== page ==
The next time I saw Sonny, he'd already moved. The Woodstock house, not far from where Jack DeJohnette lives, was more spacious than the one in Germantown. A ranch-type deal, it was equipped with a modern kitchen, a nice fireplace, and many skylights, most of which Sonny had covered up. Out in the back was a little pond. Asked if the pond had fish in it, Sonny said he didn't know. He hadn't really been back there much.
"I mostly stay in," Sonny said, sitting in his leather chair with his now familiar blood-orange skullcap on his head. He had a bunch of tests scheduled to check on his lungs, which he said had gotten "a little worse." He believed that the problem had been building for some time, perhaps back to 9/11. "I was living so close to the Towers, and when they fell down, we had to stay there," he said. "It was such an upsetting time, I really felt like playing. I took out my horn and took this deep breath, something I've done a million times. But I immediately felt sick, like I'd gulped down something bad. Some poison. It was just in the air."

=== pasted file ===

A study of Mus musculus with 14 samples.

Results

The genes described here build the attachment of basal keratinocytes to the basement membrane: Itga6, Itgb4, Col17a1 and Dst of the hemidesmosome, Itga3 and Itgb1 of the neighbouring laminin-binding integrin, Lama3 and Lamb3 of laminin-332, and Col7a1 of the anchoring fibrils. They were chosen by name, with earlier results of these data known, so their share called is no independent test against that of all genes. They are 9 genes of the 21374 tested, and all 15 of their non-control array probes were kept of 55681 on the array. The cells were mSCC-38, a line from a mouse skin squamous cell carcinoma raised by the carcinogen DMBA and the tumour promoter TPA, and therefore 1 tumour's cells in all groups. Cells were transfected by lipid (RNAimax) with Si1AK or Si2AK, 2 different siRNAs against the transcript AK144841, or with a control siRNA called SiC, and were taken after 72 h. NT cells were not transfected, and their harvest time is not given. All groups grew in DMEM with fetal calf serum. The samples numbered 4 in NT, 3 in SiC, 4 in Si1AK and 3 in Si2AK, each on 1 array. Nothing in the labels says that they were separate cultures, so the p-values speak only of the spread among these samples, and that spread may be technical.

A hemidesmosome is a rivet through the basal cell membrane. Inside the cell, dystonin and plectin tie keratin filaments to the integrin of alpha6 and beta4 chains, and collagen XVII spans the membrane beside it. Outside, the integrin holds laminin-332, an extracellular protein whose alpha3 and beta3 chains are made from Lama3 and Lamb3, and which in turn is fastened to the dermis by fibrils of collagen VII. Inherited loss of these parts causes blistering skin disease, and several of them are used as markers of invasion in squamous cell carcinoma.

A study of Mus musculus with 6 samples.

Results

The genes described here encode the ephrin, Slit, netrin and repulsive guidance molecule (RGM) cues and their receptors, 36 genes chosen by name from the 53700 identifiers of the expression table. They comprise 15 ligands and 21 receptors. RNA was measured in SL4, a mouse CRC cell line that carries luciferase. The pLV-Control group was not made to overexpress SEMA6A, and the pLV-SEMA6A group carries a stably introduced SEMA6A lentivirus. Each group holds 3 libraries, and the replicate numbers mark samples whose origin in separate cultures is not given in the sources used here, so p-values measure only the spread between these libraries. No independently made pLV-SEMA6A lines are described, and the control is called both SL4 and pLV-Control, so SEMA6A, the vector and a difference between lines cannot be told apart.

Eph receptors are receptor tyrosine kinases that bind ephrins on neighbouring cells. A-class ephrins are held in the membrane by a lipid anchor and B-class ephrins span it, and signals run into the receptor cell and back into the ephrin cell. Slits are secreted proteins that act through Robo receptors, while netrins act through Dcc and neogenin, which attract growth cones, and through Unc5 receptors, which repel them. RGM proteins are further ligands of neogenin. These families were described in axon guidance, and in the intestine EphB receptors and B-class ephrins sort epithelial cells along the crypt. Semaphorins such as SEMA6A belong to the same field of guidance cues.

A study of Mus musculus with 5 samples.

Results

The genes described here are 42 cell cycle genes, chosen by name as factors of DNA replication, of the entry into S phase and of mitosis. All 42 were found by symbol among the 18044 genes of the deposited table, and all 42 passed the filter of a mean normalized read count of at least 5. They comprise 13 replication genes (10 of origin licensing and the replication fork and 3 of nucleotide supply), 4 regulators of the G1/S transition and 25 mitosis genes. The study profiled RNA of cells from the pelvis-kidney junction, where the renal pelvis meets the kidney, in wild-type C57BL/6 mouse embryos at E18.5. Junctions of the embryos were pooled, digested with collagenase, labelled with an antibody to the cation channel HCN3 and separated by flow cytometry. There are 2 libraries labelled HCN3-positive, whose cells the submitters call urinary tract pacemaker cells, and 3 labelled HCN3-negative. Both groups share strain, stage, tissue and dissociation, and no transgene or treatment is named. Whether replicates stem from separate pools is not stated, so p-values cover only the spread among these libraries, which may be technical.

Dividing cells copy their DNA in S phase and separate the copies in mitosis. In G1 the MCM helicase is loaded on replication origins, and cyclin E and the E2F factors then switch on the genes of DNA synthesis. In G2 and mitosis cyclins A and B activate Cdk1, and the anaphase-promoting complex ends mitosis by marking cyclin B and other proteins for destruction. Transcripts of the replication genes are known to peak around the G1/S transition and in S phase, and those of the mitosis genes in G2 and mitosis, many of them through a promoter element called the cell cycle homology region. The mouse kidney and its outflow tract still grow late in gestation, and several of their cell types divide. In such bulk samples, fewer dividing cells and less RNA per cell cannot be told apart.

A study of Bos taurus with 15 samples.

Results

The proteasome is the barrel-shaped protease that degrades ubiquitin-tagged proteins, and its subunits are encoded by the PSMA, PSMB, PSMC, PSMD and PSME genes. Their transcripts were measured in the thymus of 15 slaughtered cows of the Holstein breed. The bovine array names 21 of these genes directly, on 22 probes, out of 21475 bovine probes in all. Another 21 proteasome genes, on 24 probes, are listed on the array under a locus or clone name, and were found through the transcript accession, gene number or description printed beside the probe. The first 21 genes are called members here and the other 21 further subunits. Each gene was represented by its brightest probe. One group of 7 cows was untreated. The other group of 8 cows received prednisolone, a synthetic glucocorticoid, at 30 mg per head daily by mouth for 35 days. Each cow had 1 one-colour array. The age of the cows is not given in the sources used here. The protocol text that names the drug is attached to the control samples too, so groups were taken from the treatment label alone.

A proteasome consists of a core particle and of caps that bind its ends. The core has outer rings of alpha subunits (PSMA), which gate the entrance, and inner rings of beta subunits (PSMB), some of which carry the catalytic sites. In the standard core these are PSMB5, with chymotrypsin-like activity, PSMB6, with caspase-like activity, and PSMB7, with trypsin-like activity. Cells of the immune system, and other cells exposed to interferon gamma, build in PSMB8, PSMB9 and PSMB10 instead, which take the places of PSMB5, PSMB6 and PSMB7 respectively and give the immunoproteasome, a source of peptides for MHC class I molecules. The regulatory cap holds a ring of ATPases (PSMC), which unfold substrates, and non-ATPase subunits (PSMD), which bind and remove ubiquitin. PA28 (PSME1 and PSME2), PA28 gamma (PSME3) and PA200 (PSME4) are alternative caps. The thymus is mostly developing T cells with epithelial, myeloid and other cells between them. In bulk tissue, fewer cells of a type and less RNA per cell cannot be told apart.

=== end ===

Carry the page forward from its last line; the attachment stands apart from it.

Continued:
Sonny looked wistfully at his sainted ax sitting on a brick shelf beside the fireplace. He hadn't played for months, the longest period since he returned from India in 1971.
But he wasn't feeling sorry for himself. Indeed, he appeared in good spirits, even jolly. It was difficult in the beginning, he said, not being able to practice. It was something he feared. "I really felt that would be the end of me, not being able to play. But I'm coming to terms with it. We're here for such a short time, you have to make the most of it. I've been lucky, getting to spend my life playing this horn. So how can I complain?"
Besides, Sonny said, it wasn't like the verdict was in for sure. There was every chance he'd play again. This was a good thing, Sonny said, because "I haven't really met my goals. I haven't made my full statement yet."
He asked if I remembered what he'd said back in Germantown, about those transcendent notes, the notes that hadn't yet been blown, the ones that were going to take him "past Sonny Rollins, way past."
Of course I did, I said.
"Well, keep your ears open," Sonny said. "They're coming."
Mark Jacobson is a contributing editor at New York and the author of five books.